Professor Wins Back Email Rights

Professor used historical imagery of a strike being put down violently in criticizing Colorado State’s move to lay off employees. University then blocked him from using his university email account.

September 29, 2017
 
Timothy McGettigan

The Colorado State University system and a professor who sued its chancellor and Board of Governors have settled a lawsuit he filed alleging First Amendment violations and defamation on the part of the institution.

Timothy McGettigan, a sociology professor at Colorado State University, Pueblo, sent an email to faculty and students in 2014 calling for resistance to proposed faculty cuts. McGettigan used historical imagery in his email, recalling the “children of Ludlow,” a reference to a 1914 massacre of striking coal miners.

“The hit men massacred those people. Coldly and methodically, the hit men turned their guns on women and children. The hit men riddled the little tent village in Ludlow with bullets, and then they set that village alight,” McGettigan wrote at the time. “That was a century ago. But what, if anything, has changed in southern Colorado?”

The university then shut down McGettigan’s access to his email address, saying McGettigan violated the institution’s policy on use of electronic communications. While terms of the settlement weren't released, his email account is back.

"Considering the lessons we’ve all learned from Columbine, Virginia Tech and more recently Arapahoe High School, I can only say that the security of our students, faculty and staff are our top priority," a spokeswoman said at the time.

The implication that McGettigan was promoting violence, as well as the shutdown of his access to his email account, prompted McGettigan to file a lawsuit alleging defamation as well as First Amendment violations. McGettigan said he received the final settlement papers Tuesday.

Although McGettigan did not reveal the precise details of the settlement, he said it was settled in his favor with an undisclosed sum of money being awarded to him. The parties were set to go to trial in October.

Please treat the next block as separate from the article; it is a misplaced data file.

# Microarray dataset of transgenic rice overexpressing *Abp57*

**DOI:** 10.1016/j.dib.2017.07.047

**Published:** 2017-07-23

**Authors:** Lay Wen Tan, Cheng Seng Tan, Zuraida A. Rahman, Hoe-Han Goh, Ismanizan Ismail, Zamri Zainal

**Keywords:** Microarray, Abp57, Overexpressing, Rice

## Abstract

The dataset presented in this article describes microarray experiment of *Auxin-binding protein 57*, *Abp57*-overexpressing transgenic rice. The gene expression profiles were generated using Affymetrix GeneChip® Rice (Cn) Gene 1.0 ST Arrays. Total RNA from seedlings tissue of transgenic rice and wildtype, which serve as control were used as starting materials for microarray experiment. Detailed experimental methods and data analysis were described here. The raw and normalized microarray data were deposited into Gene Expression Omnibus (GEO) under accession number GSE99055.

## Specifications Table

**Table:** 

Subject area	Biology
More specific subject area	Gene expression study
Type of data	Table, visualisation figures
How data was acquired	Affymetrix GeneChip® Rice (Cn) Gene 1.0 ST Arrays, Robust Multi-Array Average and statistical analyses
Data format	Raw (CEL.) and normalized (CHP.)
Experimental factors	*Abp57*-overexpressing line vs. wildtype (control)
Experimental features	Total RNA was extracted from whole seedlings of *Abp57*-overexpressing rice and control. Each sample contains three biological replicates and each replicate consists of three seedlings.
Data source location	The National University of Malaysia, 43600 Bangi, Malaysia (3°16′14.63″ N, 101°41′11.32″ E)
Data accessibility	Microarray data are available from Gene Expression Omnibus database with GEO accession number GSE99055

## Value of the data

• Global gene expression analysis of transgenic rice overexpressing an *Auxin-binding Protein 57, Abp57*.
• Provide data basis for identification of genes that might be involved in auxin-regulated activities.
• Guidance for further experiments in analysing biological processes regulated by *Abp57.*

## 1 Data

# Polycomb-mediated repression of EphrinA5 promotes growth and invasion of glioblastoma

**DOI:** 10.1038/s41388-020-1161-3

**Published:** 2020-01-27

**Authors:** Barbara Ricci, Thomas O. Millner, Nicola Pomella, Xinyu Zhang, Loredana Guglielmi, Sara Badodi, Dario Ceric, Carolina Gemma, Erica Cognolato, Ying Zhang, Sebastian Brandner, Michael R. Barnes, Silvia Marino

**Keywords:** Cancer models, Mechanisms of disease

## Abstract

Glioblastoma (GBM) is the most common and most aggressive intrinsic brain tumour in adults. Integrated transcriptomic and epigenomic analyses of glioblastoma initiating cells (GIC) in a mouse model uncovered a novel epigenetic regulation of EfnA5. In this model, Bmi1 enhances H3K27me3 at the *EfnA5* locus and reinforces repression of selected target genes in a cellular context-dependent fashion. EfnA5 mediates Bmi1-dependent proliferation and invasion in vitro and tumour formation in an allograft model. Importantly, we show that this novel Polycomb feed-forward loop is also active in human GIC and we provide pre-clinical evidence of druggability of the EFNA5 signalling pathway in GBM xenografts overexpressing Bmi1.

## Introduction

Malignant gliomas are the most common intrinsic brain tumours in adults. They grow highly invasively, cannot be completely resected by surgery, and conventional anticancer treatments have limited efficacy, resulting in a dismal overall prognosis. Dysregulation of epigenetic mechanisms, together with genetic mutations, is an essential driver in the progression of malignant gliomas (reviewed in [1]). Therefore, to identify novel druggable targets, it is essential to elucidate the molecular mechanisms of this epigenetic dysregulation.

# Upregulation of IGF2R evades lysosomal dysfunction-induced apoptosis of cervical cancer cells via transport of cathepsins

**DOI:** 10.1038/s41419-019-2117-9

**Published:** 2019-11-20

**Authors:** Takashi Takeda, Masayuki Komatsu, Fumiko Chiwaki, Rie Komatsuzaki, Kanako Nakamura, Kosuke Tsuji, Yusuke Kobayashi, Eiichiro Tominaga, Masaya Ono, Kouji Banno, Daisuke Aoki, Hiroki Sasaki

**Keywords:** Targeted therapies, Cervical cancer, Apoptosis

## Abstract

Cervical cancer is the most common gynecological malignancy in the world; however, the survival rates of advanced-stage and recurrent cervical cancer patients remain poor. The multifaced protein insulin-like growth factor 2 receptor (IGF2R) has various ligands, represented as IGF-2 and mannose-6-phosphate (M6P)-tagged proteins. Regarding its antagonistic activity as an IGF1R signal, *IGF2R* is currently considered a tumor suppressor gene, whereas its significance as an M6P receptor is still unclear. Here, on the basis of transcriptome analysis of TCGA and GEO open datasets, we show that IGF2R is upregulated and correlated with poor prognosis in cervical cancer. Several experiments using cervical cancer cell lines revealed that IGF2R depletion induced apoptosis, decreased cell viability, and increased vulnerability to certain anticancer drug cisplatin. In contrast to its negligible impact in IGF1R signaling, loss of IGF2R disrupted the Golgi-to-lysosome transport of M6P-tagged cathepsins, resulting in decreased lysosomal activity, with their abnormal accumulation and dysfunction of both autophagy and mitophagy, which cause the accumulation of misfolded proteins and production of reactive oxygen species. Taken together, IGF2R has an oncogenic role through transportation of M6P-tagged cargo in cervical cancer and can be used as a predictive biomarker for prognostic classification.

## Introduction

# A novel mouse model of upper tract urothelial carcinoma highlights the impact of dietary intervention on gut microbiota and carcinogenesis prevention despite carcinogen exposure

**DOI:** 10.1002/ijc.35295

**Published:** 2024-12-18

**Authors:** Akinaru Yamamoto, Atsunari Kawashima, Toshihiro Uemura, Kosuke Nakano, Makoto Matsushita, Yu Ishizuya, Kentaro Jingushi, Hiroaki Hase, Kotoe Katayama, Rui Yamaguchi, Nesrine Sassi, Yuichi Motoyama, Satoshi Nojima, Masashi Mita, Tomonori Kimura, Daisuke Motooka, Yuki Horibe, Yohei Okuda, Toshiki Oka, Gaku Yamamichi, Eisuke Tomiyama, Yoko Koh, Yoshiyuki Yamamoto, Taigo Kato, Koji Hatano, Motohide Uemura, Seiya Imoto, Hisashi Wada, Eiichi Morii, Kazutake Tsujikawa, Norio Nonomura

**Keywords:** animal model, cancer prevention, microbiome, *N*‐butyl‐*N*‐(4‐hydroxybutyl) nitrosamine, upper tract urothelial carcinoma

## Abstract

“When the university shut down my ability to communicate, to respond to these falsehoods [about the reasons for the proposed cuts] the administrators were putting forward, then the only other means that I had at my disposal to fight back against the university power structure was the judicial system,” McGettigan told Inside Higher Ed.

In a statement, Colorado State, Peublo, President Timothy Mottet -- who was not president when McGettigan filed the lawsuit -- said the university was committed to free speech.

“As stewards of the public trust, the University determined that the best use of resources was to resolve this matter without further litigation," Mottet said. "The cost of litigation would far exceed the settlement amount in both dollars and employee time spent assisting in the litigation and attending trial. Our University is committed to freedom of speech and expression as foundations of a higher learning community. Like all colleges and universities today, we also recognize the complex challenge of balancing First Amendment rights with the need to ensure a safe campus climate that is welcoming and inclusive for all our students, staff, faculty and community. Moving forward, the University is forming a faculty task force that will be charged with developing a set of recommendations to promote free speech, campus safety, and civil discourse."

McGettigan has said that he is confident about free speech at Colorado State, Pueblo, going forward, and parts of the settlement included efforts to evaluate free speech at the institution. (He was first reached by Inside Higher Ed via a university email address.)

“I have made requests to the university that we evaluate how restricted free speech is at CSU Pueblo,” he said. “No former administrator at the university has been willing to move in that direction, but the current president [Timothy Mottet] is a man of principle, is enlightened, and he has already announced plans to go forward with a faculty-driven review [on] chilled free speech at Pueblo … These are things I never thought that the university would make progress on.”